Using UIWebView as a JavaScript Interpreter

Posted by David Hamrick on

I’ve written before about wanting to create metadata driven applications but did not go in to specifics about how to achieve that. For many of the applications I have worked on that means creating plist files that ship with the application. Those plist files might contain details about what URLs to access in staging/test/production or styling details for UI elements.

This approach works well but I have always wished for more expressiveness, especially as these files grew in size as more and more things needed to be configured. I wanted to be able to use a scripting language to create this metadata. I even went as far as creating my own small scripting language based on Scheme. Creating my own scripting language had it’s advantages, but mostly disadvantages, mostly that I was spending time maintaining it instead of working on the logic that I wanted from the script.

As a recent node.js convert, I decided to see if I could embed JavaScript in my application. I see that many other have had success embedding a full interpreter. Dominic Szablewski embedded Safari’s Javascript engine (JavaScriptCore) in his iOS app and Couchbase embedded Firefox’s JavaScript engine (SpiderMonkey) for scripting CouchDB. While I considered doing this, I thought it may be overkill for my simpler needs. All I wanted to do was input a script and output some JSON that had the metadata that I wanted. But there was another option, use the built in UIWebView.


I created a small adaptor class called JavascriptContext. This may seem like an unnecessary class but if I ever need to replace the UIWebView with a full-featured interpreter all of my interactions with the UIWebView will all be happening in 1 class and I can replace them all at once.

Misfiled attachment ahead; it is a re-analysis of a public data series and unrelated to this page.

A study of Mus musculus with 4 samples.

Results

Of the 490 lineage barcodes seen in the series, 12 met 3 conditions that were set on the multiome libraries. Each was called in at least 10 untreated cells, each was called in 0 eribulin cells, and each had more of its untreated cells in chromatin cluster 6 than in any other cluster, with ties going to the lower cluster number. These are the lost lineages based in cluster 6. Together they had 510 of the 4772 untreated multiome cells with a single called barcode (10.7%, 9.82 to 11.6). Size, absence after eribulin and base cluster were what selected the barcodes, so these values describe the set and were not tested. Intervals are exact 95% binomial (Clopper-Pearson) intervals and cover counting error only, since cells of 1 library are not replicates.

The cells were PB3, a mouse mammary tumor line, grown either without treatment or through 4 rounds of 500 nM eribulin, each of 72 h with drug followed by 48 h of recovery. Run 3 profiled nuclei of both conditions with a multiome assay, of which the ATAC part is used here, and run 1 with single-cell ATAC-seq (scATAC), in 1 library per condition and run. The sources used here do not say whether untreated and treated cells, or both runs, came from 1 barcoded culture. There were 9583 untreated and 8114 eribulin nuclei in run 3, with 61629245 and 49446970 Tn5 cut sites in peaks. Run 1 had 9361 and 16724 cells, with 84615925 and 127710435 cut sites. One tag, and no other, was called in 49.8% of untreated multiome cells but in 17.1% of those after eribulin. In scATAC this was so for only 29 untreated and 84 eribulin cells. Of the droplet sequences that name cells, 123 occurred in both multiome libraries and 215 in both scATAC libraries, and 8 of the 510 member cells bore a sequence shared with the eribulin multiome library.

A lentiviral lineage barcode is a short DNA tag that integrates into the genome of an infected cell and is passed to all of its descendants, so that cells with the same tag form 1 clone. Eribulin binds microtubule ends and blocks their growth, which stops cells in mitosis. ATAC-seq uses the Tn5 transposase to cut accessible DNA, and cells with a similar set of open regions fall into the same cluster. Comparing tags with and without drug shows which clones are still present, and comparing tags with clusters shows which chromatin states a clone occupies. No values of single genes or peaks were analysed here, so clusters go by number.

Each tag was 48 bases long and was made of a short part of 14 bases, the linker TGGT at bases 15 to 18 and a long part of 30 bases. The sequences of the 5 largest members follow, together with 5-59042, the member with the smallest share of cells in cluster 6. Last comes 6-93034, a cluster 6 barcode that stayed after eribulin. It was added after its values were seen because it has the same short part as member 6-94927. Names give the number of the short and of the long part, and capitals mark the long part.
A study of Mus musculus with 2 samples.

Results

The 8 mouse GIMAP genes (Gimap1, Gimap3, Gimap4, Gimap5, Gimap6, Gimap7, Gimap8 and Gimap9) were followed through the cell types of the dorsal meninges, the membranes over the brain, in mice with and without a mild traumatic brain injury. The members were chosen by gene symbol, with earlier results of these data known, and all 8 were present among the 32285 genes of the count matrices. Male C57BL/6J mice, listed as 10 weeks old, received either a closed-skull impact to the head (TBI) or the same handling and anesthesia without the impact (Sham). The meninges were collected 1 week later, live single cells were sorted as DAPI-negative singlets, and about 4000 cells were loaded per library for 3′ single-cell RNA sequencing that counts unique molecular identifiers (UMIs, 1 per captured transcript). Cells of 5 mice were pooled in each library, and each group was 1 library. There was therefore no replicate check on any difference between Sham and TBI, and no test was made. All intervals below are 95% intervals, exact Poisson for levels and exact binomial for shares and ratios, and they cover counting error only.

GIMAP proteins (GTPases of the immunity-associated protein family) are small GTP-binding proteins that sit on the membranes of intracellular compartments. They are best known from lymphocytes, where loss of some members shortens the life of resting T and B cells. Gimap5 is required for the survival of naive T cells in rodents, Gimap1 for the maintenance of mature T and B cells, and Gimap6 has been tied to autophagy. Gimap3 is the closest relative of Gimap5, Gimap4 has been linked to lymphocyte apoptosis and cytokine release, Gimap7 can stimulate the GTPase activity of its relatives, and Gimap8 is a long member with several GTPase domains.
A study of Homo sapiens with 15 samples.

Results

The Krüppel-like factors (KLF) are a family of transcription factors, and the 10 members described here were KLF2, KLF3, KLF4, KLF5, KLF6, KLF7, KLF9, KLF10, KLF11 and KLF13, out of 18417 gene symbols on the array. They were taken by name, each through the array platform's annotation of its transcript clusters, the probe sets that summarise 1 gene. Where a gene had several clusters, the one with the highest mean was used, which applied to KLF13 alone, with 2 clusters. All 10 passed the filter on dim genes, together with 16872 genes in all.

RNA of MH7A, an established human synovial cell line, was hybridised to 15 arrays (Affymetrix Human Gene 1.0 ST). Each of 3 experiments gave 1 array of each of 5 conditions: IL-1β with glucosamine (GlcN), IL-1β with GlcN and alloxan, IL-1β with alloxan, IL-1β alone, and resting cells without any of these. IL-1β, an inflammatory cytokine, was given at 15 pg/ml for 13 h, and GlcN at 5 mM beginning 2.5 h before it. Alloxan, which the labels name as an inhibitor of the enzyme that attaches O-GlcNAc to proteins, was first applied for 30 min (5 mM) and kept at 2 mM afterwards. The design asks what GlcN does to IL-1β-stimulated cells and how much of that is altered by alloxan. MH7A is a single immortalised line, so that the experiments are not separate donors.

To be honest I was somewhat surprised it was this easy. I thought that using the JavaScript interpreter would require having some HTML loaded, or that it would be extremely slow. The way that I used it was to construct an object and then use JSON.stringify to return the value to my app, then use JSONKit to convert that in to an NSDictionary.

Using a UIWebView instead of embedding a proper interpreter reminded me of something that Chris Hanson said.

Always use the highest-level abstraction available to you, and drop down to lower-level abstractions when measurement shows that they are needed.

If measurements show me that my approach is using too much memory, or too slow, I will then consider another approach. Until that happens I will use the more straight-forward approach.


David Hamrick is a partner at Hamrick Software, the makers of VueScan, the worlds most popular 3rd party scanner software.